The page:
Cars Driverless car start-up Wejo zooms to £10m funding
The amount raised by Chester-based Wejo, which hopes to play a major role in autonomous cars, is among the largest secured by a British start-up through the Government's Future Fund.
The fund was established at the height of the pandemic to support often ambitious but still loss-making fledgling technology firms, and prevent them running out of cash.
The Government's input is a convertible loan that turns into shares over time. The sum must be matched by other investors. It is not known how much the Government gave Wejo, but firms can apply for up to £5million.
Chief executive Richard Barlow, who founded the firm in 2014, said: 'It gives us clear water and supports some contracts we have won during the Covid-19 outbreak.'
News of the funding comes a week after Wejo unveiled a tie-up with Hyundai – its latest deal with a car maker – following agreements with General Motors and Mercedes owner Daimler.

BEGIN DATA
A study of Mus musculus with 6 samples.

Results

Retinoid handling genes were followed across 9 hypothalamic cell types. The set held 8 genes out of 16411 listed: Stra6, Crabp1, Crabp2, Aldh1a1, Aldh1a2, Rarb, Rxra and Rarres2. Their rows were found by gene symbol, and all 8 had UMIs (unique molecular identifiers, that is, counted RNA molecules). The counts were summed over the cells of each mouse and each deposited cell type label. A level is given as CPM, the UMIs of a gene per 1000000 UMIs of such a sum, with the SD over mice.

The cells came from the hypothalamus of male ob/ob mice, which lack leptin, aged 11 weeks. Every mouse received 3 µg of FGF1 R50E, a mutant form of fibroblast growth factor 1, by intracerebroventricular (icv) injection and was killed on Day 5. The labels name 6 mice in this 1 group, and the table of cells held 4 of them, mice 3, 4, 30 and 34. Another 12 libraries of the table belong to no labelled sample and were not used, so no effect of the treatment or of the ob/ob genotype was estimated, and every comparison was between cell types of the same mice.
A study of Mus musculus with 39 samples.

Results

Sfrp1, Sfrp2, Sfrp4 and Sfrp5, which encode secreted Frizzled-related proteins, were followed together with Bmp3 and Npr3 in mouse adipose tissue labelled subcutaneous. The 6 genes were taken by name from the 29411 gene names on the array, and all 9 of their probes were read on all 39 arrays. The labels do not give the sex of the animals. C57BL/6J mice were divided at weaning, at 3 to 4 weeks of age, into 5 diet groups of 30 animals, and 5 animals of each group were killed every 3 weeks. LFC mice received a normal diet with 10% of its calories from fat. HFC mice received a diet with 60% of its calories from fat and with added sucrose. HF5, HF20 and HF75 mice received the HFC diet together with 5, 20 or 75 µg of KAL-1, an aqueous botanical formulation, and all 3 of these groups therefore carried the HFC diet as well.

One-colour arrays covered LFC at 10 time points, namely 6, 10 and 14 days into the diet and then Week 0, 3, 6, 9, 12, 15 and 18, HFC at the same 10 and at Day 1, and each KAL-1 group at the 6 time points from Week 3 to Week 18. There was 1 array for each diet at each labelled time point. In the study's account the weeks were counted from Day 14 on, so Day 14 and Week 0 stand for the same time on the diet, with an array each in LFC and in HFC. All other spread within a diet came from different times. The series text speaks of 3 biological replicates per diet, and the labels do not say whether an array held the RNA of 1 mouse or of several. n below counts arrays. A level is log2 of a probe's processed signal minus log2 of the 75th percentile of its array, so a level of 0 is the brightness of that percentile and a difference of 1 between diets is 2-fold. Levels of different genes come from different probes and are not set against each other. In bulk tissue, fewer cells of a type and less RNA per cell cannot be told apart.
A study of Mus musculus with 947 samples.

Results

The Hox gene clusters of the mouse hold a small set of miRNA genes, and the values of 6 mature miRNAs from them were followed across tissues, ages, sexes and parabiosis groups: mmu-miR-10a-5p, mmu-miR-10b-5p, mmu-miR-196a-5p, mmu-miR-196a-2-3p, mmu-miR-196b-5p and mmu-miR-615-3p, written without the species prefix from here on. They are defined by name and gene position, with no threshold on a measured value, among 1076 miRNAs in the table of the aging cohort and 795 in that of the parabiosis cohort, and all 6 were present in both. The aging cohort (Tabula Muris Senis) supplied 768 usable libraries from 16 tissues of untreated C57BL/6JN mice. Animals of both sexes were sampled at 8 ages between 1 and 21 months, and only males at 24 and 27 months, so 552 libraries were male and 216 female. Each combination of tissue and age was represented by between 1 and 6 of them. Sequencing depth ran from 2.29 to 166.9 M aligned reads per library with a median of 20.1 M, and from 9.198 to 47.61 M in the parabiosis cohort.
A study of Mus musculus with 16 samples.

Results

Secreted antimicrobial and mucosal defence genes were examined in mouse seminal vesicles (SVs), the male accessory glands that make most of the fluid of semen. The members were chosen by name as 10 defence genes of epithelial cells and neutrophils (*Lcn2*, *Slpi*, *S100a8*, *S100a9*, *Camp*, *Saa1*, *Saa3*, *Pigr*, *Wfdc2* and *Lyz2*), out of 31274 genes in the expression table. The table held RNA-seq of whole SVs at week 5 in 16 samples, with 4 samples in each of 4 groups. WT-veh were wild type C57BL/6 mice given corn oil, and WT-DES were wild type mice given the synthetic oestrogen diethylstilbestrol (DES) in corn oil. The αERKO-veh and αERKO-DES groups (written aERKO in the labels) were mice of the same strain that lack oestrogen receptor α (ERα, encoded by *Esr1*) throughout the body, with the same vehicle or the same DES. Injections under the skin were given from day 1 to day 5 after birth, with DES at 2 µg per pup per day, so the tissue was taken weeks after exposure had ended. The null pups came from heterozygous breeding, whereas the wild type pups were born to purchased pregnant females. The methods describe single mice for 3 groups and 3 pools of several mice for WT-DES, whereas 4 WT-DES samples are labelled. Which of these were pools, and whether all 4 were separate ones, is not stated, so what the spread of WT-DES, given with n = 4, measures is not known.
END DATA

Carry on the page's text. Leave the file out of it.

Car makers were also cutting their spending, hurting firms such as Wejo as people started driving less and Barlow had to cut some jobs.
He said: 'I don't think any of us knew where the world was going in March and I had to be a good custodian of capital. I'm sorry for some of the decisions I had to make.'
Wejo's technology allows the sharing of huge amounts of data from cars, which is expected to be key when autonomous vehicles are launched. Wejo has been working with authorities in the US to track car movements during lockdown, providing data to eight US states.
Connected cars will be key when traffic can be managed by monitoring real-time data from vehicles. Wejo's technology will also alert drivers to when parking spaces become available.